Managing your digital footprint

Managing your digital footprint

Two pink painted footprints on a white canvas.
Photo by Danie Franco on

What is a digital footprint? 

Every time you post, comment, or interact online you leave a digital footprint.  

Your digital footprint is the data trail left by your interactions in the digital world. It’s a public record of: 

  • what you said. 
  • what was said about you. 
  • what you liked, interacted with, or shared. 
  • where you are or have been. 

Although it’s less public, there’s also a record of: 

  • what you’ve clicked on. 
  • what you’ve searched for.  
  • your IP address. 

This guide is designed to help you manage your digital footprint and understand why it is important. 

Why is it important to be in control of your digital footprint?

Your digital footprint becomes part of your online identity and what people see of you when they search for you online. Employers can, and do, trace your digital footprint on the internet when you apply for jobs with them. Often checking social media sites to see what type of content you are posting/engaging with so it’s important to consider how that may look to an employer. 

It is also possible for criminals to gather personal information about you to fraudulently impersonate you – things like applying for credit cards or gaining access to sites or systems in your name.

Websites you visit place cookies on your computer to allow advertisers to target you with products based on your browsing history. It’s surprisingly easy to publish information about you online. Even if you aren’t in the public eye, at some point someone might want to gather information about you with the intention of discrediting you.  

How to manage your digital footprint

While it can feel overwhelming, the best thing you can do is become more aware and take steps to get some control over your digital footprint. The following steps are simple and effective, but you do need to set a chunk of time aside and be methodical in your approach.  

1. Tidy up after yourself!  

  • Start by looking yourself up on the internet.  Log out of your browser if you have an account, and then search for your name and usernames – where necessary in “speech marks” to get an exact match. Look through each page of results, until you’re sure there are no more about you.  
  • Repeat the search with other browsers (Google Chrome, Microsoft Edge, Mozilla Firefox, Opera or Safari etc.). This process can take a while depending on how common your name is, but it’s worth it.  
  • If you find something you’d like removed, you can usually ask sites directly to do this. You’re quite likely to find that your name, address, county court judgements and more appear in online directories, particularly if you have appeared on an electoral register. (Been in court for failure to pay council tax? It might be an isolated incident, but that information could do you harm.)  
  • Search social media sites directly (there’s more about this in step 3).  
  • Get rid of old accounts you no longer use (and may have forgotten about). Consider whether it’s appropriate for the public to see the musings of your 15-year-old self.  

There’s lots of guidance about this online. Search for “how to clean your digital footprint” or “tools that help track your digital footprint”. Be aware that some sites offer services to do this for you, but at a cost.  

2. Don’t rely on privacy settings.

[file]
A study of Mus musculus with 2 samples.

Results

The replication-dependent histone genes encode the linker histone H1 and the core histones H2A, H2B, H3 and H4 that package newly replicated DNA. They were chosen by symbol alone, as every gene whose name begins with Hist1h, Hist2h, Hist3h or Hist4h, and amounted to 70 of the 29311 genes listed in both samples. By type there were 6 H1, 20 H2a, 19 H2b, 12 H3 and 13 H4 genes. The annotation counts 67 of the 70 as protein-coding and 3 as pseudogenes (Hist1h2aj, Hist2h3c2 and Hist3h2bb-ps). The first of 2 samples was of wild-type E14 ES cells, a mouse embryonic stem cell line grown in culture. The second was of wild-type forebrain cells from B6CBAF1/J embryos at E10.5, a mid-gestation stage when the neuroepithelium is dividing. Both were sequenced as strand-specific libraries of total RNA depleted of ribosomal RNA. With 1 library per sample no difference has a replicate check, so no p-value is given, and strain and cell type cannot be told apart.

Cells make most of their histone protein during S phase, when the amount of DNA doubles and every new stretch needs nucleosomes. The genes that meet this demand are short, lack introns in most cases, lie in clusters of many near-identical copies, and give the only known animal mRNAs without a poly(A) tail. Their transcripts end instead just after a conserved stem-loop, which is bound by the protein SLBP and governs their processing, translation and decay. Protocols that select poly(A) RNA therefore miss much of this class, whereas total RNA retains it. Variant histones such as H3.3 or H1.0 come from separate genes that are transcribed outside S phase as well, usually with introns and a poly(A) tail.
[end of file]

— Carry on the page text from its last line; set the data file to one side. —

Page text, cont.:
• First, understand that using privacy settings can only protect you so much. Friends, acquaintances, or others who have permission to see your pages can still download your pictures and repost them elsewhere, and comments can be retweeted or shared without your permission – either in fun, in error, or maliciously. So, if there’s something you don’t want to lose control of, don’t put it in the public domain – even privately.  
  • Secondly, privacy settings change regularly. Check them often.  
  • Finally, don’t include any private information (phone number or address) on your profile. Even information like your birthdate, place of work or pet names can be used against you for social engineering and identity fraud.  Take care when using location-based sites like Foursquare or where you can tag your location (i.e. Facebook and Instagram). Don’t announce when you’re on holiday (and leaving your home empty).  


3. Consider how you come across to others.

  • Review your activity on your accounts and identify anything that doesn’t reflect you in anything other than a good light. Do the same for any other sites you may have used (including Q&A, chat, forum, and discussion sites), again, for all your usernames and accounts. It’s important that you’re impartial when you do this. You need to think about how you come across, consider how others might perceive your actions, and make any changes needed. 
  • Imagine the reaction of a future employer reviewing your posts to get an impression of you – and get rid of anything that doesn’t portray you in a good light. Consider your chosen profession – for some you may need to be extra cautious and consider how things might easily be taken out of context. 


4. Plan to stay in control.

  • Repeat steps 1, 2 and 3 every six months. Done regularly, it won’t take nearly so long, but will help you stay in control.  
  • Next, and just as importantly, get strategic. Really think about your use of social media. How can it help you? Where does it fit into your life, and what can it help you do better?  
  • Read the guide using social media for learning. It’ll help you become strategic and establish a personal code to ensure that your social media use is responsible.

The Managing your digital footprint (PDF, 144.6KB) content is also available as a downloadable document.